Tuesday, August 24, 2010

Minerals in the Diet

minerals in the diet
Our bodies need certain elements which are known as minerals. Some of these are: calcium, iron, iodine, manganese, chlorine, magnesium, phosphorus, sulfur, zinc, potassium, and sodium. Aluminum, cobalt, fluorine, nickel, molybdenum, and silicon are needed in very small amounts and so are referred to as trace elements. All of these minerals make up less than five percent of the body weight but they are indispensable to the body functions.

The general functions of the minerals are:

•    They serve as constituents of the bones and the teeth, and they give rigidity to these hard tissues.
•    They are components of soft tissue, e.g., the muscles.
•    They make possible the normal rhythm of the heart beat.
•    They are essential for blood clotting.
•    They help control the contraction of muscles, the irritability of nerves, and the water balance of the body.
Food Pyramid and Importance of Minerals

A diet that is rich in protein will provide adequate amounts of sulfur, and an ordinary mixer or varied diet supplies magnesium and manganese. Chlorine and sodium may be derived from ordinary table salt. Actually, only calcium, phosphorus, iodine, and iron are most likely to be lacking from the diet.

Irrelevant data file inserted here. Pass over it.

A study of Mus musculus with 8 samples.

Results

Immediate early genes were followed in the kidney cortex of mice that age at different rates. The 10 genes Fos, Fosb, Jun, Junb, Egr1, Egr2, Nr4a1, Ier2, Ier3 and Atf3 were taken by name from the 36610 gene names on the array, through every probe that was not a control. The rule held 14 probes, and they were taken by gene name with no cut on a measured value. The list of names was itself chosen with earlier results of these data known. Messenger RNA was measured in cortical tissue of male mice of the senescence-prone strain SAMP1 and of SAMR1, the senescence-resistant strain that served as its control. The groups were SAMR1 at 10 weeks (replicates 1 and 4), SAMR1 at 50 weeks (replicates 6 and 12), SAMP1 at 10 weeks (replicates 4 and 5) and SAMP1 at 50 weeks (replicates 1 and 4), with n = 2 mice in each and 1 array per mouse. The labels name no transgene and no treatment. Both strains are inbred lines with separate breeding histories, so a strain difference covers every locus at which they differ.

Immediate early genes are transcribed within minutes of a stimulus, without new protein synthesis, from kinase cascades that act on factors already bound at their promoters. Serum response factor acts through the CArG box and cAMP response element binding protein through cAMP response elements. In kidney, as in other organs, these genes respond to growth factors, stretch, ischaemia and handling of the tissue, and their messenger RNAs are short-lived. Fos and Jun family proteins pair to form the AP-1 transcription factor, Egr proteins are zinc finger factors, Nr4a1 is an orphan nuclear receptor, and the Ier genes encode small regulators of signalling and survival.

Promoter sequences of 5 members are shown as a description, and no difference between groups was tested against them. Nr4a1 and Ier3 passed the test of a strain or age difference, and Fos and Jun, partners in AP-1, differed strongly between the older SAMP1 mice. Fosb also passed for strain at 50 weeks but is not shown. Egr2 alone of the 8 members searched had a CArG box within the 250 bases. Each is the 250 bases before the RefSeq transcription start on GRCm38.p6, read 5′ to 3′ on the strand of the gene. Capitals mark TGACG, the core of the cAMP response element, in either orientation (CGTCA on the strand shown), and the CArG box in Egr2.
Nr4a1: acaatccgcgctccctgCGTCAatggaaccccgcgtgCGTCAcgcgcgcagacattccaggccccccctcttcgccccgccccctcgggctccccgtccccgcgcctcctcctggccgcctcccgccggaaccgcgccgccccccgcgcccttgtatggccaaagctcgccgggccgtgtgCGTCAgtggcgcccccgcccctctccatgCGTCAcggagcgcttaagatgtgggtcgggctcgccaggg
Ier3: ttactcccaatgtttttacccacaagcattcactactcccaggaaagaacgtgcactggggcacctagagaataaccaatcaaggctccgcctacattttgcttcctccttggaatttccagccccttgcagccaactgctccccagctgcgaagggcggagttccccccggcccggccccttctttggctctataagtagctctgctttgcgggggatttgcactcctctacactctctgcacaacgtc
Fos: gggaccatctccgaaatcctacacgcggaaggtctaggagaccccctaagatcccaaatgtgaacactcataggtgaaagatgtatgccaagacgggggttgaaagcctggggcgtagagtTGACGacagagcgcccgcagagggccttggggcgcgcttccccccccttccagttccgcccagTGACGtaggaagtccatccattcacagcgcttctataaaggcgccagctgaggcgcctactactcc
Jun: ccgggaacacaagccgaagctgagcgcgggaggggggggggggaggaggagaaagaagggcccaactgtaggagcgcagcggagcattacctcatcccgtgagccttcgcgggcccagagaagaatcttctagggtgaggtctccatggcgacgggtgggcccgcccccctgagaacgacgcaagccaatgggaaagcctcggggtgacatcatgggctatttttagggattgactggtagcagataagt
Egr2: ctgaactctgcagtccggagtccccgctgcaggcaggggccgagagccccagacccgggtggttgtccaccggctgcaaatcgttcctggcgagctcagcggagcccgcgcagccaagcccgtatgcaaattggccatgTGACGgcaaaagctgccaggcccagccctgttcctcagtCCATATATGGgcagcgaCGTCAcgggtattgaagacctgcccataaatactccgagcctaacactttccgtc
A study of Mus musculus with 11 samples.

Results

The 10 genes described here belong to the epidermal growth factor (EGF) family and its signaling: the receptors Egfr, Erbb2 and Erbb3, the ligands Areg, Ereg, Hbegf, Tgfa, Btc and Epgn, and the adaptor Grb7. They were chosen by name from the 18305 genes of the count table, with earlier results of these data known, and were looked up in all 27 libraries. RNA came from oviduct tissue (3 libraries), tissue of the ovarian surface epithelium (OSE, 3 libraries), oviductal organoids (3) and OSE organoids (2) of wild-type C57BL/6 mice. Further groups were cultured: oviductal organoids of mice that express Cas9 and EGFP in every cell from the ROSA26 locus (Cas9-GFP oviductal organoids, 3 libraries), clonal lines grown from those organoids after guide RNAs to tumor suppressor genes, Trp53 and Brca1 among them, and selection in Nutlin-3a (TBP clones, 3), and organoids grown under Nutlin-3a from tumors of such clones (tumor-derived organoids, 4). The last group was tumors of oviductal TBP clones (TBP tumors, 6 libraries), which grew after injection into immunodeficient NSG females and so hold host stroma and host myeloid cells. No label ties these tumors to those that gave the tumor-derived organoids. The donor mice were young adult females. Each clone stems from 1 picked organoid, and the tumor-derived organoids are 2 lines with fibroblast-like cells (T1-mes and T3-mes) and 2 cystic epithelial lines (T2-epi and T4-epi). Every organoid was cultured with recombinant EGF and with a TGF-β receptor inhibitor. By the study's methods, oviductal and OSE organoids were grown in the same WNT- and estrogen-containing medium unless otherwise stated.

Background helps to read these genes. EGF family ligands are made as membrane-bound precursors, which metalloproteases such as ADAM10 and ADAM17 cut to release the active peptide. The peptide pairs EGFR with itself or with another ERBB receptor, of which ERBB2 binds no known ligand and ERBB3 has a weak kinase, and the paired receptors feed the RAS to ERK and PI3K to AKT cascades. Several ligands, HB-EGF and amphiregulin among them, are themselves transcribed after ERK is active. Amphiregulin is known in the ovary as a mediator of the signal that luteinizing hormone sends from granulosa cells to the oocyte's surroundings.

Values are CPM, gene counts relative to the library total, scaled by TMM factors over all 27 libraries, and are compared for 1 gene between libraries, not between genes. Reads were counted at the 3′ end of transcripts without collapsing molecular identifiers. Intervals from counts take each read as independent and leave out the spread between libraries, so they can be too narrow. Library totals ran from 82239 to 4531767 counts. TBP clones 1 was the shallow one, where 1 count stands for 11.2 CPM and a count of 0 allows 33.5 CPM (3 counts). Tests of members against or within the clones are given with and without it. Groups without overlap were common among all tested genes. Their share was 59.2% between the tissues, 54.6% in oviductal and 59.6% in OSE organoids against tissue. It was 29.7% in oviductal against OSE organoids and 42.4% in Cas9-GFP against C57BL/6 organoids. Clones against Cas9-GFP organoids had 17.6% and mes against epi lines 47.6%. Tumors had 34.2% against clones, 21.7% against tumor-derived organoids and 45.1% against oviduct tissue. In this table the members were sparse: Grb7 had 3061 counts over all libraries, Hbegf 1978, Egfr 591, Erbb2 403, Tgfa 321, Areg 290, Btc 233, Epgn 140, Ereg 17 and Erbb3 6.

The body contains more calcium than any other mineral. In the body, 90 to 99 percent of the calcium is concentrated in the bones and the teeth. Calcium serves two functions in the body. It aids in the building of the bones and teeth and it is necessary for the regulation of certain body processes. Some of these processes are normal heartbeat and blood coagulation. Good sources of calcium include: milk, egg yolk, cheese, salmon, dried beans, green leafy vegetables, and ice cream.

Iron is very necessary in the formation of hemoglobin. It is also an essential component of myoglobin, a compound which stores oxygen in the muscles. Good sources of iron are: egg yolk, raisins, ampalaya (bitter gourd) leaves, prunes, spinach, malunggay (moringa or horse-radish tree), dates, and potatoes. Since the function of copper is closely related to that of iron, most foods that are good sources of iron are also good sources of copper.

Iodine is an important constituent of thyroxin. It aids in the regulation of the nervous system and the maintenance of good health. One of the best ways to obtain iodine is by the use of iodized table salt. However, if iodized salt is not available, iodine may also be found in cod-liver oil, fish, and vegetables produced in soils with high iodine content.

Phosphorus is essential in the oxidation of carbohydrates and is needed by the body tissues. It constitutes nearly one-fourth of all body minerals. Phosphorus is necessary for the building of normal bones and teeth, the transport of fatty acids, and the metabolism of fats and carbohydrates. It regulates the neutrality of the blood and controls cell activity. Good sources of this mineral are: cheese, corn, egg yolk, legumes, milk, whole grains, and leafy vegetables.